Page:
The Chaplain's Notebook


It is common to call the months of November and December “the holyday season.” Thanksgiving, Hanukkah and Christmas are some of the happiest times of the year for children and their families. During this time, we give gifts of love and appreciation to one another. We visit and spend time with our families. We save money during the year and wait for Christmas sales in order to get the gifts we desire for our loved ones and ourselves. Thank God, we have this opportunity because we live in the best country in the world. When the Pilgrims reached this land and settled here, they wanted to express their thanks to God Almighty. Pilgrims were sincerely thankful to God, who allowed them to reach a land of freedom.
As president of the United States, George Washington proclaimed the first nationwide Thanksgiving celebration on November 26, 1789. He marked the occasion “as a day of public thanksgiving and prayer to be observed by acknowledging, with grateful hearts, the many … favors of Almighty God.” President Ulysses S. Grant declared Christmas a legal holiday on June 28, 1870, and the day celebrates the birth of Jesus Christ. We should not forget the true meaning of Thanksgiving or Christmas. By the last quarter of the 19th century, Americans eagerly decorated trees, caroled, baked delicious treats and shopped during the Christmas season. Since that time, materialism, the media, advertising and mass marketing have changed Christmas forever.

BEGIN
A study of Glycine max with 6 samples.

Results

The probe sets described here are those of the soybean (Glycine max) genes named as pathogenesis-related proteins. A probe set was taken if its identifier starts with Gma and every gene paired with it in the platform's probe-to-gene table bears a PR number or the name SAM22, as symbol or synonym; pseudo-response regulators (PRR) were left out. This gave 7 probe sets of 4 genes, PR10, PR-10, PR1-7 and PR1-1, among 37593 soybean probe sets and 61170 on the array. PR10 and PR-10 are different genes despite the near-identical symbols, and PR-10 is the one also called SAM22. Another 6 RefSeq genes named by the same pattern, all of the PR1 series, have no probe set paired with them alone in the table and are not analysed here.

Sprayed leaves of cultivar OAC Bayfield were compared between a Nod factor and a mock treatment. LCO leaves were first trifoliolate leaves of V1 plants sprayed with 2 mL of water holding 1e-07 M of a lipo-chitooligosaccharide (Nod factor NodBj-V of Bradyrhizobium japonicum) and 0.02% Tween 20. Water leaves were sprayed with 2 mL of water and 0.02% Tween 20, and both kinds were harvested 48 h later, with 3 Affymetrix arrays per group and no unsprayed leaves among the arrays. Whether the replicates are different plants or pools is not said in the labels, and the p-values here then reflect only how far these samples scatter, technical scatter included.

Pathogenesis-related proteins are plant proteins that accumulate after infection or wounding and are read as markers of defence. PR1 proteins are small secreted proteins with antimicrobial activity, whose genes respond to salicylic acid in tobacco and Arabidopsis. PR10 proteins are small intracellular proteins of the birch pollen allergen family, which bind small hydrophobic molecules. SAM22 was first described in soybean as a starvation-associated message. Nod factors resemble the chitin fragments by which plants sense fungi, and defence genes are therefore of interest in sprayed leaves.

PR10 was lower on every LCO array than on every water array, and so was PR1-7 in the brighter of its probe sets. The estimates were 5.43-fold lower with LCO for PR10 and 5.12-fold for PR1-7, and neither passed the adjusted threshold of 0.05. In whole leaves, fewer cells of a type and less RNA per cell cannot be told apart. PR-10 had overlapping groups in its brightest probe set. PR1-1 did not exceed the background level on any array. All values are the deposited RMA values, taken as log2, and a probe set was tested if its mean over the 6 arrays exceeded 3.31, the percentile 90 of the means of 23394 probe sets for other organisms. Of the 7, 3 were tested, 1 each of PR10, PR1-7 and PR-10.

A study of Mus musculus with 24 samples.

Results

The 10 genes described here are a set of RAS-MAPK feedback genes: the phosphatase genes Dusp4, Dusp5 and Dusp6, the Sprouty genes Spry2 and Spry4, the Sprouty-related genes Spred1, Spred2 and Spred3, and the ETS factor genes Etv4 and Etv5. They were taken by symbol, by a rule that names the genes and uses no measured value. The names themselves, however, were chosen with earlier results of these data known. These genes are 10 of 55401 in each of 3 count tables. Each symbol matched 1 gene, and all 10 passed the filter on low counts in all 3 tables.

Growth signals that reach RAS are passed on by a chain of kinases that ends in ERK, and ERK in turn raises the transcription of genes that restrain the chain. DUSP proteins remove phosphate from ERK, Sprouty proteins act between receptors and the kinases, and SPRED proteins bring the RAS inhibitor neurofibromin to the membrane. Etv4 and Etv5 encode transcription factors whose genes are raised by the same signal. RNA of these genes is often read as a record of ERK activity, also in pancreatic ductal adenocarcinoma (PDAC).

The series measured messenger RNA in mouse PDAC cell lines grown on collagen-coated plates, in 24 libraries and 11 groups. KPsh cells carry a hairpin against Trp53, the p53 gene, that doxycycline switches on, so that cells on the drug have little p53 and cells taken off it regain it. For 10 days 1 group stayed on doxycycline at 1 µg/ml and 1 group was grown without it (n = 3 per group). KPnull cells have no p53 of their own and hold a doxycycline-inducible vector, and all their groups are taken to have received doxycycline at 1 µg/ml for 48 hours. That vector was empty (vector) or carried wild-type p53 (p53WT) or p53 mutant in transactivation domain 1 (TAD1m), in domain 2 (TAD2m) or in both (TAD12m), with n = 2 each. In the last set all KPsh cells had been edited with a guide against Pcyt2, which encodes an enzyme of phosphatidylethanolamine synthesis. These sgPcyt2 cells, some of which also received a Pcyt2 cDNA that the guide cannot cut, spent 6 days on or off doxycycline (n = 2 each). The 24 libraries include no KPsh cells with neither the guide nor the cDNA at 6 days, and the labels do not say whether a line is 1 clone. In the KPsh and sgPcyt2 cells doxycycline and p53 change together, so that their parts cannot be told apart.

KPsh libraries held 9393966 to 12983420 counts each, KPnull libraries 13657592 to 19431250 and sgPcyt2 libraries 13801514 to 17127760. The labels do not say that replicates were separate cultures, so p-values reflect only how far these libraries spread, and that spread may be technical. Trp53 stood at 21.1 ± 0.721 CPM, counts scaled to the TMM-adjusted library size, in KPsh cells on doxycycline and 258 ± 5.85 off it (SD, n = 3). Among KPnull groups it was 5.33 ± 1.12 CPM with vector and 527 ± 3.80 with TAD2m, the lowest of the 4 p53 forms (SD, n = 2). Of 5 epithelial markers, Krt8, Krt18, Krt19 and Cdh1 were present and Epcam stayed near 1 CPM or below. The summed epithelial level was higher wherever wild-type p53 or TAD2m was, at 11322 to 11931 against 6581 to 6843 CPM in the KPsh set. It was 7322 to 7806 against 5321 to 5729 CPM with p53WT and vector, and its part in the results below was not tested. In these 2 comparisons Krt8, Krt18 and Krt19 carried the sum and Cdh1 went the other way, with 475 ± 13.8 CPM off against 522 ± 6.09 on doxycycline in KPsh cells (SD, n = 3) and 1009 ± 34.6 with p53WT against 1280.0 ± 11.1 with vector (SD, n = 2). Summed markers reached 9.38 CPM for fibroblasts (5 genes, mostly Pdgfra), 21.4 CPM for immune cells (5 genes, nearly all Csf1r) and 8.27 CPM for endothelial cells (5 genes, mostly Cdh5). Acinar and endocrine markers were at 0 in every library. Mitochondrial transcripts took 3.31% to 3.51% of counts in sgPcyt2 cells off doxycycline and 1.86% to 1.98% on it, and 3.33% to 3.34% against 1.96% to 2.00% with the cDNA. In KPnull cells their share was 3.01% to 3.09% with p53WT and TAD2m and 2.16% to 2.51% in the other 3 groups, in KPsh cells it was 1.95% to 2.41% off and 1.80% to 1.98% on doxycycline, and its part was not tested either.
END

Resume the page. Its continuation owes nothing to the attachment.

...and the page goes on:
The holyday season is not just about giving gifts, going shopping or taking vacations. Of course, these things go hand in hand with the holidays, but the real importance of this time of year is appreciating what we have: our lives, our significant others, our children, our parents, our friends, our health, our job and our country — the greatest in the world. Today, I want to wish everyone a happy Thanksgiving, a happy Hanukkah and a very merry Christmas.
Holiday prayer: “May the Lord bless you and keep you. May the Lord make his face shine upon you and He be gracious to you. May the Lord lift up His countenance upon you and give you peace.”
How can I contact a chaplain? Chaplains are available at their unit of assignment, or by calling the Psychological Services Bureau at (213) 738-3500.